A fascinating post by Jean Russell (born 1972) about which generation (mine or hers) is the change we seek. Jean is writing about our mutual friend, and boomer generation social change activist, Tracy Gary. Jean is wondering how the elders who have seen the promised land will pass over, or if we can. Jean thinks not, though she has that gentle Millennial kindness, the sweetness not to hurry her well-meaning elders along, knowing that our time is basically over.
What Jean senses, correctly, I believe, is that we Boomers will not be able to evolve fast enough to remain fully present. We are already history. I had been thinking about this myself. (Jean and I are trading emails about how to create learning communities online and off around giving. What she understands is that we elders can't.) I had decided that I was living in two worlds, Jean's and Tracy's. Online my friends are mostly of Jean's age and ethos. They let me be myself. They get that one person who is fully authentic and transparent needs at least 44 pseuds to body forth the authentic core self. In the so-called real world, the influentials are mostly my age and I have to pretend to be a pompous ass to fit in with the prevailing ethos, the proven best practices. At my age, you are supposed to stand convicted of your sorry past. You are supposed to stand with that little sign that criminals hold up with the name and a reference number for your corporate photo. You have to have a resume that the boss can validate. You have to be accountable at all times. How can we get social change when our generation thinks like that?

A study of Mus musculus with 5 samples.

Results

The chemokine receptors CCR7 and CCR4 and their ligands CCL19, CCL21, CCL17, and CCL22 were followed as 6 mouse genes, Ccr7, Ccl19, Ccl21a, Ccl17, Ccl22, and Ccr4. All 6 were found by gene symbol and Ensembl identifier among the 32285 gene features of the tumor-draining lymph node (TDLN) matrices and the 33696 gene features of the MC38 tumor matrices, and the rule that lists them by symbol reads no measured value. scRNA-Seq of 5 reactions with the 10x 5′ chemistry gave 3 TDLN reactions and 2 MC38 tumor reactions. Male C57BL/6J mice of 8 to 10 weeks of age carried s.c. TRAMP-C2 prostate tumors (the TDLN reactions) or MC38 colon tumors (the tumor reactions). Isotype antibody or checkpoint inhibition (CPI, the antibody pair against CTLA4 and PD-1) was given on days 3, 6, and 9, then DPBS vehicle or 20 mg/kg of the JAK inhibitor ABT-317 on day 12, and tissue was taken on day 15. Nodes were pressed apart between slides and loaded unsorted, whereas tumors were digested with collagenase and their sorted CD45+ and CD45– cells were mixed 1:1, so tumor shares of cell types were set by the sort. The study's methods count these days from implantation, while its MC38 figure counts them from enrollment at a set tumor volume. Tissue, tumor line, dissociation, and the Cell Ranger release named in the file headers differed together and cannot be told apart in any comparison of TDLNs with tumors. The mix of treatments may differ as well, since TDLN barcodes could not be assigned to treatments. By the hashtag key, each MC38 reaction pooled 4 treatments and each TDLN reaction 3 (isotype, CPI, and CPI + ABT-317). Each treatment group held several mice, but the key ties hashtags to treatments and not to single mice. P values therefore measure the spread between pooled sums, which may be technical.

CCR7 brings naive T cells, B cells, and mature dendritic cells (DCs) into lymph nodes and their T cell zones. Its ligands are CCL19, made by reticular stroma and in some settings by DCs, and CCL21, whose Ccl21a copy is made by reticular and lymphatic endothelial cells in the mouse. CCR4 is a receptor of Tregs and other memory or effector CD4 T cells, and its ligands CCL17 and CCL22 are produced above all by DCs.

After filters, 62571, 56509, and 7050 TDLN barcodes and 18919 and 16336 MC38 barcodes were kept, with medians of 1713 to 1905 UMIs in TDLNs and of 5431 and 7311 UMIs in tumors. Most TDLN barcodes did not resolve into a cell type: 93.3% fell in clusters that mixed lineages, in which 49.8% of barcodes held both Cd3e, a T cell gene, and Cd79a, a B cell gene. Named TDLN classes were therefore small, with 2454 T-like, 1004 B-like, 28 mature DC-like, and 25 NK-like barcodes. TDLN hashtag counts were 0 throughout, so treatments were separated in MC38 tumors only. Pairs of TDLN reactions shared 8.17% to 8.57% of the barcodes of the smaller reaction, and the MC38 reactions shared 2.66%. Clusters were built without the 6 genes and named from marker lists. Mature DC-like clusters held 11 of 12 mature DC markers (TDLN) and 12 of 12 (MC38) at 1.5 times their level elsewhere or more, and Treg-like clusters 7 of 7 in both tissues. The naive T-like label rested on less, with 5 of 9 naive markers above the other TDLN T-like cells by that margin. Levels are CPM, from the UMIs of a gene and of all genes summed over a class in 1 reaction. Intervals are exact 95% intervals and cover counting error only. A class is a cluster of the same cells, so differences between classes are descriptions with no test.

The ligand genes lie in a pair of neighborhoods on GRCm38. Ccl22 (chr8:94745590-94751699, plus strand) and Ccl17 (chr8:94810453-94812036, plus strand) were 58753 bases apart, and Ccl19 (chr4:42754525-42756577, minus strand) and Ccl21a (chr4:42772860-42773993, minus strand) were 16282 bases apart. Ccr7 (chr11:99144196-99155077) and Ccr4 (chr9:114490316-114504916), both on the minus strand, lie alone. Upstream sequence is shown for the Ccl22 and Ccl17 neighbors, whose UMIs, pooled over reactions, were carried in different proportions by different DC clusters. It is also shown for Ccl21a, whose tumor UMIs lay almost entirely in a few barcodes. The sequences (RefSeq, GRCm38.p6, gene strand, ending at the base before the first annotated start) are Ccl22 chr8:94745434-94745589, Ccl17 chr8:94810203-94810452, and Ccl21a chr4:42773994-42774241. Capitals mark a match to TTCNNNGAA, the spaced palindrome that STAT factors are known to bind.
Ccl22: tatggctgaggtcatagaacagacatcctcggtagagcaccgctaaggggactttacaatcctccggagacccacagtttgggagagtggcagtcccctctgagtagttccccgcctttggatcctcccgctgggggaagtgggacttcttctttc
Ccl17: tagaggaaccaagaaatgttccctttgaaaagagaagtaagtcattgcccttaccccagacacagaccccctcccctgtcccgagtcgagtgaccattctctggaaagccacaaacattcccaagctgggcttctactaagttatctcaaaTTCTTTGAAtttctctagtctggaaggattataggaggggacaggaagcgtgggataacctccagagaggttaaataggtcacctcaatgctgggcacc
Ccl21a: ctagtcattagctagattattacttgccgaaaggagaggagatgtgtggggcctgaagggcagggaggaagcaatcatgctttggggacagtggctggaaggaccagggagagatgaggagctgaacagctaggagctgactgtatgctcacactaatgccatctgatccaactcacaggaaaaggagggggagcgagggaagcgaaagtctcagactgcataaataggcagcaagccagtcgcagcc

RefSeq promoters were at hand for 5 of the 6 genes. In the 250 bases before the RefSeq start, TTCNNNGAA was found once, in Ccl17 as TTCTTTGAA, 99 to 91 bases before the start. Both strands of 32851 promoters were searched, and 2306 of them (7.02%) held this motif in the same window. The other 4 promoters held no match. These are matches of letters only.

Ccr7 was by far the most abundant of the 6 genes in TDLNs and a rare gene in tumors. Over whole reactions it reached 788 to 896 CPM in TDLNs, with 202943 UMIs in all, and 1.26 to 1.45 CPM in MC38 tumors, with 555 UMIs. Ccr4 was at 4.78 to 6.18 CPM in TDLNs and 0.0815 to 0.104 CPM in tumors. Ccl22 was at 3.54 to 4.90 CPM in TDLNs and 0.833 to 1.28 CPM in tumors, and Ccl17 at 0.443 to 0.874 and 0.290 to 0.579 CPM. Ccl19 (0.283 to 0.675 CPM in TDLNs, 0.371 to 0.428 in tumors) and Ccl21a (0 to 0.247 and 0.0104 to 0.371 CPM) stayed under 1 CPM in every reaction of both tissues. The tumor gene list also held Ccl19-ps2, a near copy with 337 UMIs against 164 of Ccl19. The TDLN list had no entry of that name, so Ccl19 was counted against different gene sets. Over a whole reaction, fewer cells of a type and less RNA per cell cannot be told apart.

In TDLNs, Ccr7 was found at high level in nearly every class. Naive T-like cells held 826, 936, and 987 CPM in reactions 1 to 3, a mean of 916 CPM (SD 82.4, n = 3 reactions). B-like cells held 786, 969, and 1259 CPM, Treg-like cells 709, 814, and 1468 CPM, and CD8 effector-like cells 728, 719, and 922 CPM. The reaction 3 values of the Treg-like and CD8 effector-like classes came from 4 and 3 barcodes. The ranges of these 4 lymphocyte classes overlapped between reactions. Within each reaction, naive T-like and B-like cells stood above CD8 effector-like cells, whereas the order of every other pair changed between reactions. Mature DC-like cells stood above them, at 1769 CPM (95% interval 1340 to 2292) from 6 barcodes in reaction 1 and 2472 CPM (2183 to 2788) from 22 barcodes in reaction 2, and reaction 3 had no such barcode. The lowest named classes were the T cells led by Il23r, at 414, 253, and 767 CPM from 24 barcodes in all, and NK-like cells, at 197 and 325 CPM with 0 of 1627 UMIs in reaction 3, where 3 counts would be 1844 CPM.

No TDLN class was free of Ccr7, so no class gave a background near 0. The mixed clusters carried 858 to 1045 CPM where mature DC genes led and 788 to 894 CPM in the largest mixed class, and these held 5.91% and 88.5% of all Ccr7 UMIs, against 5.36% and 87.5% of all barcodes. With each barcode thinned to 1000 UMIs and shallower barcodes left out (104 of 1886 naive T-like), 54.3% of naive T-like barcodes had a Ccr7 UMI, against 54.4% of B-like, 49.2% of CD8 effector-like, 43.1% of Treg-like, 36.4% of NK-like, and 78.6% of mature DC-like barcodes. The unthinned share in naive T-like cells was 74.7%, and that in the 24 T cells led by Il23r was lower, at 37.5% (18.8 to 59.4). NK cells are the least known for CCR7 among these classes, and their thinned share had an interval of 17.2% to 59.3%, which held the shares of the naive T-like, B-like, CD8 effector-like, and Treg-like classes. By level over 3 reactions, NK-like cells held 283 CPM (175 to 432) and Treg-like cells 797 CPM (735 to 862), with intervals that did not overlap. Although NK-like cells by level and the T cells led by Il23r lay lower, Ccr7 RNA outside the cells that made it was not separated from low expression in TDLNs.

Recently, at a meeting of family foundation elders and children, we discussed the change of generational consciousness. It was kind of fun and kind of scary. The twenty somethings were so polite and silent as the elders spoke, or orated, or opined, or pontificated. The children were invisible, just listening to the certainties. But when I asked the younger people if they lived on line and if they felt their way of looking at money and philanthropy was a new peer to peer consciousness, they all smiled and looked at each other, and the room came alive. The parents were clueless and fell silent. As moderator, I let it run just long enough so the parents could feel the "family" that these children shared: They were members of the global online tribes. I recognized that mentoring the young might be a bit presumptuous. We had better, especially when it comes to topics like building learning communities, start taking our cue from the young. They are the change, whether we seek it or not.
Much too nice, the lot of them for my taste, but at least as they wheel me into the sunshine, they are respectful of my old bald head, covering it with a straw hat, so I look like a proper scarecrow. They are the nicest pallbearers a man might wish, or a planet.